In Sweden, the government has given its blessing to a final resting place. France has identified a site, Canada is in the final stages of choosing one, Japan and Switzerland have started geologic and other investigations.

The U.S., meanwhile, has been unable to agree on even a temporary home — much less a permanent one — for the 190 million pounds of highly radioactive waste piling up at commercial nuclear reactors all over the nation.

“They’re smarter than we are,” said Tom Issacs, a nuclear expert who was lead adviser to the Blue Ribbon Commission on America’s Nuclear Future. “They understand we had science and technology better than anyone — but building trust and confidence, that we didn’t have.”

Commercial nuclear waste is scattered all over the country. SOURCE: NUCLEAR ENERGY INSTITUTE

Issacs addressed the San Onofre Community Engagement Panel’s quarterly meeting on Thursday, Feb. 10, as federal officials brought folks up to speed on its latest push to create centralized, community-embraced, temporary storage sites, while the prickly issue of permanent storage is parsed.

Nations that have been able to find homes for the waste did three simple things that the U.S. has not done, Issacs said: They understood if someone is going to trust you, they must believe you’re competent, and that you have their best interests at heart, and that they’ll be better off for being part of the process.

“You listen, and respond,” Issacs said. “It doesn’t mean, ‘I understand this better than you, listen to me, I’m a scientist.’ It’s, ‘If you’re concerned, I’m concerned.’ That’s the key in a nutshell to why things work in Sweden and Finland and hopefully in Canada,” which is to finalize its site next year.

And that, said Kim Petry, acting deputy assistant secretary of spent fuel and waste disposition for the U.S. Department of Energy, is precisely what the federal government is trying to do.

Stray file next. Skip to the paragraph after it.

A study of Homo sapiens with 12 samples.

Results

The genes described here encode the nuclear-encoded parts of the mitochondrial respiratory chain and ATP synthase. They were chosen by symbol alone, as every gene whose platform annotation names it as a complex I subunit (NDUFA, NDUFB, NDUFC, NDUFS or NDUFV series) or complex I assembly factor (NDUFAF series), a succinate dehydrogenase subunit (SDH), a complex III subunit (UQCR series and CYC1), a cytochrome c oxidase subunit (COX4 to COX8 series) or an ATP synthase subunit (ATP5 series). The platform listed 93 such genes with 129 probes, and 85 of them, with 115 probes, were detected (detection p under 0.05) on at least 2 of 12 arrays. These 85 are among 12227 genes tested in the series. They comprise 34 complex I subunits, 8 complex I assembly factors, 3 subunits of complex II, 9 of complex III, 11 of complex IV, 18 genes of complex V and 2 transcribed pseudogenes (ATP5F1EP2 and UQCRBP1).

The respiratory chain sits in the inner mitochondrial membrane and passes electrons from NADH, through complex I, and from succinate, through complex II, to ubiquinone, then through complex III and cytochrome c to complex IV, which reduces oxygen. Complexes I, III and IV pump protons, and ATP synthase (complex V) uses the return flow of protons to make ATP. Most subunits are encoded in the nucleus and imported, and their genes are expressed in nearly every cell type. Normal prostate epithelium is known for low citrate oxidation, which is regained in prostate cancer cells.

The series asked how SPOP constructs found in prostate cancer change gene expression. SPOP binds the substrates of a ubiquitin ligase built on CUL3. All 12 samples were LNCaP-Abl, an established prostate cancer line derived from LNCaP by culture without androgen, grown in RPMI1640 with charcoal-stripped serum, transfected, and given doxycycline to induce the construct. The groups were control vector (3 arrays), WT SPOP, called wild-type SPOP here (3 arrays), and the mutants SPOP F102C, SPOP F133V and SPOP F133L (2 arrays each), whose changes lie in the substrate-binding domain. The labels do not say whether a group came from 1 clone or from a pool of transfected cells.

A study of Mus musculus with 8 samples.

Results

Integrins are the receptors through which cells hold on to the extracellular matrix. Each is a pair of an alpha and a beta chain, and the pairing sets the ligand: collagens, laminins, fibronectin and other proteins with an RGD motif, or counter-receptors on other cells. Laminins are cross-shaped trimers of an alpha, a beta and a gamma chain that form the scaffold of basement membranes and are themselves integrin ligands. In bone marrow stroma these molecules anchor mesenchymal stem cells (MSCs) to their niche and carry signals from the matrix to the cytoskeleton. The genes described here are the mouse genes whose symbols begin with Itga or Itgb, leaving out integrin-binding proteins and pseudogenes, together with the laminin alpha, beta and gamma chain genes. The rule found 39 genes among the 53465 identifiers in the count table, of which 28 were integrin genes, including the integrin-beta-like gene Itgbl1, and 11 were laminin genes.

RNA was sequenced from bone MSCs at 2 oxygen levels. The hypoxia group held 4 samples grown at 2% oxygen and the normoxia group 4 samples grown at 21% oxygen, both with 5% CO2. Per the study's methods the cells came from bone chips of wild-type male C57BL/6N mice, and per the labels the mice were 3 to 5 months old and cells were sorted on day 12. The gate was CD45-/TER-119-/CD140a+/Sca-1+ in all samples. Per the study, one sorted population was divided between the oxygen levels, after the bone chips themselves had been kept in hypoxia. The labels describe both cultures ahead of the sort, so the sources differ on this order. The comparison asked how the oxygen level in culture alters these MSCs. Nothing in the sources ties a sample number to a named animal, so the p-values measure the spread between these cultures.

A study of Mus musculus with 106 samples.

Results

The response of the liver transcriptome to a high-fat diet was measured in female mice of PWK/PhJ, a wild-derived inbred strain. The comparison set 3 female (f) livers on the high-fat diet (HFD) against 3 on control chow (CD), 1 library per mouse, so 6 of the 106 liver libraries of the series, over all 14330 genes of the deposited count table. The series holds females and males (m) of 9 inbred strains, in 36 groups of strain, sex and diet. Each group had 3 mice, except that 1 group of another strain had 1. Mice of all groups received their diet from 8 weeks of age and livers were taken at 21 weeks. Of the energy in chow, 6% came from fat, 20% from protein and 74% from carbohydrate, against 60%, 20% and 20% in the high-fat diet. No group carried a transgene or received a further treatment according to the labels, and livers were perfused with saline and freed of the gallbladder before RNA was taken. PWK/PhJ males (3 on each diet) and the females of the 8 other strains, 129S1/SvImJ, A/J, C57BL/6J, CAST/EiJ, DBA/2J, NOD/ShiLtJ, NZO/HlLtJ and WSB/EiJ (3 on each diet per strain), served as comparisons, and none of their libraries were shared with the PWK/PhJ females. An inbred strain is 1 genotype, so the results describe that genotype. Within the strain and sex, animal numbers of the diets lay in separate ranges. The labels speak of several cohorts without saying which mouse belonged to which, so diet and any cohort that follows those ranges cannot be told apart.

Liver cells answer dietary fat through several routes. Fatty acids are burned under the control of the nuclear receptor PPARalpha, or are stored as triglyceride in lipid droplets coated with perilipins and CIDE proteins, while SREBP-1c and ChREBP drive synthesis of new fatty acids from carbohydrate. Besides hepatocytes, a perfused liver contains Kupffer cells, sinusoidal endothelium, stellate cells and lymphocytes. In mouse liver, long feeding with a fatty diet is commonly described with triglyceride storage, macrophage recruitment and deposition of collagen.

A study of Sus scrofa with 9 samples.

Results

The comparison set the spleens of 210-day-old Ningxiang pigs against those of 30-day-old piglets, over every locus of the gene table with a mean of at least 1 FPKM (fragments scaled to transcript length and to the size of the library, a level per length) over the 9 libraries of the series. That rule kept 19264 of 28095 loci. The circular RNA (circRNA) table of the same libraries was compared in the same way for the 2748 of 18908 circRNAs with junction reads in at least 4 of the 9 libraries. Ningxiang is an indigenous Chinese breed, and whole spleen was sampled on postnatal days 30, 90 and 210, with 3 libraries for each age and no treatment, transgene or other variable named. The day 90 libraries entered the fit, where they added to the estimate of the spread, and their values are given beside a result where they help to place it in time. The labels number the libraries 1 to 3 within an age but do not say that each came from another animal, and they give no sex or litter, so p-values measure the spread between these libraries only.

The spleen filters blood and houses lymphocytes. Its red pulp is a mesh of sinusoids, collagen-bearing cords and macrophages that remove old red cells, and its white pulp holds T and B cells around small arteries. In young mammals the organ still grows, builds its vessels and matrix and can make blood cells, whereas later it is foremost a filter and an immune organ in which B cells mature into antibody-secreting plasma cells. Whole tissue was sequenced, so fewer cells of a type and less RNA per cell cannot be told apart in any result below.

Finding host communities

In November, the DOE announced a fresh push to find communities interested in hosting consolidated temporary storage. It’s collecting thoughts on how to do that fairly and equitably at [email protected]. Responses must be received by 2 p.m. Pacific Time on March 4.

The DOE is not seeking community volunteers just yet, but will launch that effort later this year along with a “funding opportunity,” Petry said.

Nuclear energy is an essential part of the nation’s clean-energy plan, but the U.S. can no longer ignore the conundrum at the back end of the fuel cycle, she said. The DOE’s failure to meet its contractual obligation — to start collecting spent fuel from nuclear reactors in 1998 for permanent disposal — already has cost taxpayers $9 billion in settlements and judgments won by utility companies that are stuck with the stuff and have had to build and secure storage facilities on site.

Communities like the ones around San Onofre — where 3.6 million pounds of nuclear waste are entombed in concrete on a quake-prone coast just feet from the ocean — never agreed to host the material long-term, Petry said. “We can’t continue to defer this for future generations to figure out.”

The problem is a political, not a technical, one.

Southern California Edison’s media relations manager, John Dobken, shows simulated nuclear fuel pellets like the ones stored inside canisters at San Onofre’s dry fuel storage facility. (Photo by Mindy Schauer, Orange County Register/SCNG)

“(W)e know what we have to do, we know we have to do it, and we even know how to do it,” said the Blue Ribbon report, now 10 years old. “Rather the core difficulty remains what it has always been: finding a way to site these inherently controversial facilities … in a manner that allows all stakeholders, but most especially host states, tribes and communities, to conclude that their interests have been adequately protected and their well-being enhanced — not merely sacrificed or overridden by the interests of the country as a whole.”

‘We’re really behind’

After the contentiousness of Yucca Mountain, the temporary storage effort was kicked off under the Obama administration, suspended under President Donald Trump, and returned under President Joe Biden.

The fickleness of philosophy and funding from one administration to the next is part of the paralysis, but Congress can and must fix that with legislation, speakers said.

“We have to be able to make and keep commitments,” Issacs said.

Funding for the effort in this fiscal year is $27.5 million, a tiny trickle in the department’s $46 billion budget. More, and more stable, funding will be required to make consolidated storage happen, said John Kotek of the Nuclear Energy Institute, a trade group.

David Victor, a professor at UC San Diego and chair of San Onofre’s volunteer Community Engagement Panel, was impressed with how rapidly the effort is coming together — but noted that the U.S. has a lot of catching up to do.

“Frankly, we’re behind,” he said. “We’re really behind.”

More than 150 people attended the online meeting.

“Consent-based siting focuses on the needs and concerns of people and communities,”  Petry said. “By prioritizing communities and people, we believe we can find a solution to the decades-long stalemate on managing the nation’s spent nuclear fuel. It’s both the right thing to do, and our best chance for success.”